Aug. 14, 2019
Trucking companies like the changes, while the Teamsters have serious doubts.

The U.S. Department of Transportation’s Federal Motor Carrier Safety Administration (FMCSA) has published a notice of proposed rulemaking on changes to hours of service (HOS) rules to increase safety on America’s roadways by updating existing regulations for commercial motor vehicle drivers.

“This proposed rule seeks to enhance safety by giving America’s commercial drivers more flexibility while maintaining the safety limits on driving time,” says U.S. Transportation Secretary Elaine L. Chao. The agency is inviting all truck drivers, stakeholders and others involved to review and comment on the proposal.

First adopted in 1937, FMCSA’s hours of service rules specify the permitted operating hours of commercial drivers. In 2018, FMCSA authored an Advanced Notice of Proposed Rulemaking to receive public comment on portions of the HOS rules to alleviate unnecessary burdens placed on drivers while maintaining safety on U.S. highways and roads. In response, the agency received more than 5,200 public comments.

Based on the detailed public comments, FMCSA’s proposed rule on hours of service offers five key revisions to the existing HOS rules:

  • FMCSA proposes to increase safety and flexibility for the 30-minute break rule by tying the break requirement to eight hours of driving time without an interruption for at least 30 minutes, and allowing the break to be satisfied by a driver using on duty, not driving status, rather than off duty.
  • The agency proposes to modify the sleeper-berth exception to allow drivers to split their required 10 hours off duty into two periods: one period of at least seven consecutive hours in the sleeper berth and the other period of not less than two consecutive hours, either off duty or in the sleeper berth. Neither period would count against the driver’s 14‑hour driving window.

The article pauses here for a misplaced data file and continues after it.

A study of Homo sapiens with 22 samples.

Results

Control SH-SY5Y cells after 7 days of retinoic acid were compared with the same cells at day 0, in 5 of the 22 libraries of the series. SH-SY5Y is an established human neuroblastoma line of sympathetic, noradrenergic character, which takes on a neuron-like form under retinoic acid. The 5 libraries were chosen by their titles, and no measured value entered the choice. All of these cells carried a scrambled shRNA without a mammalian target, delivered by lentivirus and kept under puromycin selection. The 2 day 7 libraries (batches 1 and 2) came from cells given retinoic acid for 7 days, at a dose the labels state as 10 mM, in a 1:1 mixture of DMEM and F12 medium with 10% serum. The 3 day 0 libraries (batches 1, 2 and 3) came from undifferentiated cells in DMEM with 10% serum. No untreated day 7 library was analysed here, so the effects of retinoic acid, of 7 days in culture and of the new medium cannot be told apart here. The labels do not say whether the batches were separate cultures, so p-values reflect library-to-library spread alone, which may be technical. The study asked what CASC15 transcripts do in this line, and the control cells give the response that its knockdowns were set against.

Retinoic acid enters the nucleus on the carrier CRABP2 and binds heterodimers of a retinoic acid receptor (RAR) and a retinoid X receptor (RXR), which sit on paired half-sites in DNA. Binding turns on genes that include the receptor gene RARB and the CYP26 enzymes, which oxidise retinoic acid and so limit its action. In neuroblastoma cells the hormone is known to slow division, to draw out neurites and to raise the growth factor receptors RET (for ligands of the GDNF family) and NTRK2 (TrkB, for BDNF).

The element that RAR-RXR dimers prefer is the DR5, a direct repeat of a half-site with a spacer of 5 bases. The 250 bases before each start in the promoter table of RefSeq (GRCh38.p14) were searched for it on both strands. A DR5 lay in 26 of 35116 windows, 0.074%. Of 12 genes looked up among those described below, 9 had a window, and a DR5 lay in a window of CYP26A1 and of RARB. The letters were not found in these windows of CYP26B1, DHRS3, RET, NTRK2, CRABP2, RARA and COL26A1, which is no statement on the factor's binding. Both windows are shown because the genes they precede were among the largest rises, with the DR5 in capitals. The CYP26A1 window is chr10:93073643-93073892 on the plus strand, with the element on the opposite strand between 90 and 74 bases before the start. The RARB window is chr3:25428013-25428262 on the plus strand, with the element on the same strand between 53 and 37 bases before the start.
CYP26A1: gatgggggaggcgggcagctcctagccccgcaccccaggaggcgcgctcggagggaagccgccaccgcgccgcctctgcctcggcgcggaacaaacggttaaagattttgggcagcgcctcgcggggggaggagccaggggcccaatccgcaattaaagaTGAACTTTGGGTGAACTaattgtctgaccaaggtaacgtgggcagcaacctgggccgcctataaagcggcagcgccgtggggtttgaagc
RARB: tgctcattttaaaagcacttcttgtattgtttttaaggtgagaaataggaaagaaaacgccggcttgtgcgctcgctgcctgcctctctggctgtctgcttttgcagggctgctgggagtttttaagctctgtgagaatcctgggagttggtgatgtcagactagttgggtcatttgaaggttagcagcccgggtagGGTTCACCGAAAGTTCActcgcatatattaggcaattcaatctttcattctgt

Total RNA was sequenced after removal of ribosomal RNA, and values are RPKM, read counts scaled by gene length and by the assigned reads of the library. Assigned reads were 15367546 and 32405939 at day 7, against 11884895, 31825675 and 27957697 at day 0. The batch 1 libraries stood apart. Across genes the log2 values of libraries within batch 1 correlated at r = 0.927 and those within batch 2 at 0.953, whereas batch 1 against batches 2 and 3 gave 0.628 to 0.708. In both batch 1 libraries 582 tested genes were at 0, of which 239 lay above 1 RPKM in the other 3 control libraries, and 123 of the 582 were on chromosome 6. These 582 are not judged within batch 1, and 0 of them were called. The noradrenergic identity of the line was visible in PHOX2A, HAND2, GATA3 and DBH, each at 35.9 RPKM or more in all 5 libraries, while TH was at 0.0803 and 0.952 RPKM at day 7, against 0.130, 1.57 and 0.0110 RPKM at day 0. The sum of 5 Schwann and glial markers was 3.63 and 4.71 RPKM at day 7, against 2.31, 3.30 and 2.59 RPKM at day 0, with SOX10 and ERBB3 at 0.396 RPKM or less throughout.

• The agency proposes to allow one off-duty break of at least 30 minutes, but not more than three hours, that would pause a truck driver’s 14-hour driving window, provided the driver takes 10 consecutive hours off-duty at the end of the work shift.
  • The agency proposes to modify the adverse driving conditions exception by extending by two hours the maximum window during which driving is permitted.
  • The Agency proposes a change to the short-haul exception available to certain commercial drivers by lengthening the drivers’ maximum on‑duty period from 12 to 14 hours and extending the distance limit within which the driver may operate from 100 air miles to 150 air miles.

FMCSA estimates that its proposed HOS rule will provide $274 million in savings for the U.S. economy and American consumers.

The public comment period will be open for 45 days. 

The Federal Register Notice, including how to submit comments, is available here: https://www.fmcsa.dot.gov/sites/fmcsa.dot.gov/files/docs/regulations/hours-service/474821/nprmfile08-08-2019-131534.pdf

Not surprisingly, the International Brotherhood of Teamsters, the labor union representing over 1 million truckers and other workers, has already weighed in, with a comment from general president Jim Hoffa, who believes these new rules would actually lead to reduced roadway safety for drivers and the traveling public at large.

“While we continue to review these proposed regulatory changes by the FMCSA, the Teamsters have serious concerns about what we have seen thus far when it comes to these hours of service reforms,” Hoffa says.

“In an effort to increase so-called ‘flexibility’ for trucking companies, the FMCSA is abandoning safety and allowing drivers to push themselves to the limit even further. Changes for short-haul truckers, for example, would extend their days from 12 to 14 hours on the job. That means a longer and more exhausting workday for tens of thousands of American workers. The Teamsters are also concerned about language changing the 30-minute rest break and the ability of drivers to press the pause button on their hours of service clock.”

In Hoffa’s estimation, “we shouldn’t be sacrificing the health and safety of drivers just to pad the profits of their big business bosses.”

On the other hand, and again not surprisingly, the American Trucking Associations, representing the motor carrier companies, is very much in favor of the new rules. Saying they will improve safety on the nation’s highways while providing additional flexibility for professional drivers.

“[FMCSA] are to be commended for their commitment to an open and data-driven process to update the hours-of-service rules,” says ATA’s president and CEO Chris Spear. “We look forward to studying and understanding how these proposed changes will impact our industry so we can provide relevant data and information to strengthen and support a good final rule that bolsters safety and provides drivers needed flexibility.”

“In the 15 years since the last major revisions to the hours-of-service, we as an industry have learned a great deal about how these rules impact our drivers,” adds ATA chairman Barry Pottle, president of Pottle’s Transportation. “The valuable experience and data we’ve gained over that time will make it easier to provide flexibility for drivers to get additional rest and find parking while keeping our highways safe.”